SARASOTA, Fla. -- Some odds 'n ends; some this 'n that; some spring training; some Winter Olympics; some sports geography (OK, that's a stretch):
I have to admit,
when right-hander Kevin Gausman went down
during the second inning of his first spring training start Feb. 26, the first thought through my mind was: "Well, it didn't take long to identify the first starting pitcher to hit the disabled list."
Like just about everybody else in the park, I didn't see what happened, but when the play was over, it was just starting for the Orioles. Gausman was on the ground, and at first it looked he was holding his knee, so right away you're thinking 4-6 months. It turns out the on-deck batter didn't give the right-away, and Gausman's ego (he was charged with five runs in less than two innings) took as big a hit as his ERA.
However, it should be noted that a rite of spring training, especially for the Orioles, is that a starting pitcher opens the season on the DL. You might remember the time left-hander Zach Britton was that pitcher, but he's a reliever now, so he doesn't count.
One reason the O's are still looking for a starting pitcher is because of that rite of spring. The saying you can never have too much pitching is actually a fallacy. In reality, you can never have enough pitching, which is why the O's are in at least their second decade of looking.
This one is for all my shuffle-boarding friends out there. I don't think many people realize it, but America winning the men's curling gold medal over Sweden is every bit as much of a miracle on ice as the hockey team's victories in 1960 and 1980. It's just that so few in this country had any idea what the curlers were doing -- or why.
We look at the sport as the upper Michigan peninsula version of slow-pitch softball, where the loser buys the beer, but it is the Winter Olympics, and in case you hadn't noticed, the U.S. generally doesn't do too well in cold-weather sports. I mean, we could put together a good bocce team from Baltimore's Little Italy, but Curling? C'mon.
John Shuster, who shot the rock (is that were Dick Vitale gets that phrase?) that stuck the Swedes with the silver, has been to the Olympics as often as Michael Phelps, but he got relegated to the ice bin after the U.S. melted badly in 2010 and 2014. Not willing to skate away quietly, he recruited some other non-qualifiers and put together what has become known as "Team Reject." I seem to remember being on a few slow-pitch teams like that -- shuffleboard, too.
When Shuster cleared the guards and stuck the rock on the bull's eye in the eighth end (think bottom of the eighth) this old "Horse Collar Player" could feel the vibes so clearly I swear I heard Al Michaels in the background asking, "Do you believe in miracles?"
I doubt that "Miracle On Ice 2" is in the works, but for one week Shuster and his so-called misfits (Tyler George, John Landsteiner and Matt Hamilton) sure had me more interested in curlers than hurlers. It was an upset of golden proportions. I do expect an outbreak in East Baltimore at any time.
I have been paying a lot of attention to the poll that
The Baltimore Sun has collaborated on with the Babe Ruth Museum and have very mixed emotions about the project to come up with four names for a "Mt. Rushmore of Maryland Sports." In the interest of full disclosure, I was part of the panel delegated to whittle an original list of 175 down of 20 that was submitted for polling on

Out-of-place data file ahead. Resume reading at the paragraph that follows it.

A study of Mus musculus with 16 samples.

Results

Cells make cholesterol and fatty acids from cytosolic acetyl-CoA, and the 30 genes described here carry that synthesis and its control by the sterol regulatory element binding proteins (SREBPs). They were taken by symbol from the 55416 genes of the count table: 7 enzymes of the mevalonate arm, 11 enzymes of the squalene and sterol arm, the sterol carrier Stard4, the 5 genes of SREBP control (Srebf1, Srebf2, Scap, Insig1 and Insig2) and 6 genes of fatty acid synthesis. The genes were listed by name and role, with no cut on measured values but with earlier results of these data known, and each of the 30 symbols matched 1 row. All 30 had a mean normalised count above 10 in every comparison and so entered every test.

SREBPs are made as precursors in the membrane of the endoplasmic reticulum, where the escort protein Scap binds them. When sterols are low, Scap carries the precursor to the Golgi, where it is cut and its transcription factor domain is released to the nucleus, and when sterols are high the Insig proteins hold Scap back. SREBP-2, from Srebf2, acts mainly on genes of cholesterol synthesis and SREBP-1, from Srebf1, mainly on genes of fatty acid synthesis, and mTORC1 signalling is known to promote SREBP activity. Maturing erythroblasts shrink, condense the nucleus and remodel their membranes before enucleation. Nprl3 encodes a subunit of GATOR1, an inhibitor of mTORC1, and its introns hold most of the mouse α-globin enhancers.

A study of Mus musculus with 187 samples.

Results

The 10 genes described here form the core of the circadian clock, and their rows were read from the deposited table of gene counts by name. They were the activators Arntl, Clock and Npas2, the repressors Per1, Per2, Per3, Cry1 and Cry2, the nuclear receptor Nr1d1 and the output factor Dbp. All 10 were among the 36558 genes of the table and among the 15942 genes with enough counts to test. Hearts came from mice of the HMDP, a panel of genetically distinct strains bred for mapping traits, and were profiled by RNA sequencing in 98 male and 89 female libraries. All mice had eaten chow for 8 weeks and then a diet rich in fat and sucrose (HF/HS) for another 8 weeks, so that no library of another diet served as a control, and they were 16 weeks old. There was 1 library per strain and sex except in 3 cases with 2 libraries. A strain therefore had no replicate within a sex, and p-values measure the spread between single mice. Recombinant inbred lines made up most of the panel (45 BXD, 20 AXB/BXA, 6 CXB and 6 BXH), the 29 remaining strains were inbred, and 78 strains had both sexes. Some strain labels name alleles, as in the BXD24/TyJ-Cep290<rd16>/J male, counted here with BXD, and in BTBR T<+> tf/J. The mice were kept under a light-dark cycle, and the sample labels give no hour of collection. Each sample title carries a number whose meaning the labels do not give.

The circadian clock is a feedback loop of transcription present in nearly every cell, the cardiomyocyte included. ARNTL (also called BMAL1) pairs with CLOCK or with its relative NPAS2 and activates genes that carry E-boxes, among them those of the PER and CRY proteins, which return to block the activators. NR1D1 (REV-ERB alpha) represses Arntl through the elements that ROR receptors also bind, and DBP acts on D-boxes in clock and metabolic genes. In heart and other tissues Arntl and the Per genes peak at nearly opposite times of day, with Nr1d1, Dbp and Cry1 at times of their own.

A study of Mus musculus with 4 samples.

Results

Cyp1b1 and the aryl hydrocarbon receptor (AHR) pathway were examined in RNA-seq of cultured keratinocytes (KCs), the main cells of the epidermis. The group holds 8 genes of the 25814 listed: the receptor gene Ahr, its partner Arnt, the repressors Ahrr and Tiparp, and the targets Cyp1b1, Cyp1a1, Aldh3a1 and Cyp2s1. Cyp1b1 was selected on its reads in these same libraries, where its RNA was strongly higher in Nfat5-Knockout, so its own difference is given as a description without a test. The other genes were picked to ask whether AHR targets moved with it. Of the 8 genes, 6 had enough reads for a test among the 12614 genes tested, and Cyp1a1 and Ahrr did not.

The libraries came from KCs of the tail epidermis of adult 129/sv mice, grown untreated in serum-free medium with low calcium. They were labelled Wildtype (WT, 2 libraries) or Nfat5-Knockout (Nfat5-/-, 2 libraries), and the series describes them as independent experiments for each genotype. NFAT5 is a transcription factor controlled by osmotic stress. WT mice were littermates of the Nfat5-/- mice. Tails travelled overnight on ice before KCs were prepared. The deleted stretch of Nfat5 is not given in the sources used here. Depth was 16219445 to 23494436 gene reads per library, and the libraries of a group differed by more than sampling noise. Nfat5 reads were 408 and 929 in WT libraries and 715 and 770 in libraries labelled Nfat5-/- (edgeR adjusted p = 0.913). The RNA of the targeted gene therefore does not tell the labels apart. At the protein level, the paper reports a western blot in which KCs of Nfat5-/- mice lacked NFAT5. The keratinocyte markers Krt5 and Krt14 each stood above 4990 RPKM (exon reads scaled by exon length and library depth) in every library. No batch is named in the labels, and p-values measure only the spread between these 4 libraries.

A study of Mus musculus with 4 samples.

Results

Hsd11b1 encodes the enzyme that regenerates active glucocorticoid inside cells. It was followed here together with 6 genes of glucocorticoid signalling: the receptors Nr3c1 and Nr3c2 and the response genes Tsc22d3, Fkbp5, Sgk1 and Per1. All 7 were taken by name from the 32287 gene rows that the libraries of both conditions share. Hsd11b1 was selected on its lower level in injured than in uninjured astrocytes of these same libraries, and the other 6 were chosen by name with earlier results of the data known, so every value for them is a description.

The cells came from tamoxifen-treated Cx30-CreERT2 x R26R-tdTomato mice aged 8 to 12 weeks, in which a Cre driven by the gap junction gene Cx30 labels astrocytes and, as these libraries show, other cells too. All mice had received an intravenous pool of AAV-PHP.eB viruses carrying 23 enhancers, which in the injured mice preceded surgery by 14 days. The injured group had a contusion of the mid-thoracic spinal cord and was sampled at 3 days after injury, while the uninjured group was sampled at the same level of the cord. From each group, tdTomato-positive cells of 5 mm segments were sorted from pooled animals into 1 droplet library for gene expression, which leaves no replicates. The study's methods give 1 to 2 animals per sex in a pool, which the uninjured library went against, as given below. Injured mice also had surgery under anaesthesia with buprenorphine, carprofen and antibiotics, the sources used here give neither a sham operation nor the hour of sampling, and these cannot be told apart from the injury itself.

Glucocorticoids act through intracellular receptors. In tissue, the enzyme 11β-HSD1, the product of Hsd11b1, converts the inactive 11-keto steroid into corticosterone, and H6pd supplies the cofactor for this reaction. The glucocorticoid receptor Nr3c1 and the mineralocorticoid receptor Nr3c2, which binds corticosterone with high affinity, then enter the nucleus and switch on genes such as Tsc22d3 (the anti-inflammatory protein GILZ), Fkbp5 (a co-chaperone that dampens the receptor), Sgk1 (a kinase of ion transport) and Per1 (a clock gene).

The Sun's website.
My feeling was that any such project should be limited to native Marylanders, an idea that was overwhelmingly rejected. Now that we're about to get down to four (I believe voting ends Feb 28), my feeling hasn't changed.
It's not that I think we shouldn't appreciate what great athletes like Brooks Robinson, John Unitas, Eddie Murray, Raymond Berry, Wes Unseld, Lenny Moore, Frank Robinson et al have meant to the city and the state. But let's face it, Brooks, Johnny and most of the others are already in enough "Halls" to last several lifetimes, including, in many instances I might add, their home states.
There is enough home-grown talent to present a very authentic "Mt. Rushmore" for Maryland -- and the very real possibility that Babe Ruth could be the only native on the list, in my opinion, would be embarrassing. Based on some informal polling, it would appear that either Michael Phelps or Cal Ripken Jr., maybe both, will not make the final four. Plus, we already have many various Hall of Fame members who did not make the cut from 20 to 10.
The "Mt. Rushmore of Maryland Sports" will accomplish what it was supposed to
-- attract some attention and stir a little controversy, which is not necessarily a bad thing. But we could have shown a little favoritism and done the same thing, I do believe. Any thoughts?
It's reassuring to know that Ron Darling, who knows a little bit about pitching, is among those baffled by Billy Wagner's low numbers in the Hall of Fame voting.
"He was the Aroldis Chapman of his day,
" Darling told John Harper of the
New York Daily News
. I don't know if Chapman will ever last long enough to get to the Hall of Fame, but Darling put him in some fast company.
Those who played with or against Wagner seem to share the opinion of Darling, former New York Mets ace and one of the best TV analysts in the business. The knock against Wagner among those who disdain relievers being equated with starting pitchers, is that he logged less than 1,000 innings. His 422 saves is well behind the total of Trevor Hoffman, who is part of this year's induction class at Cooperstown, N.Y., but his other numbers, including a 0.998 WHIP, are off the charts.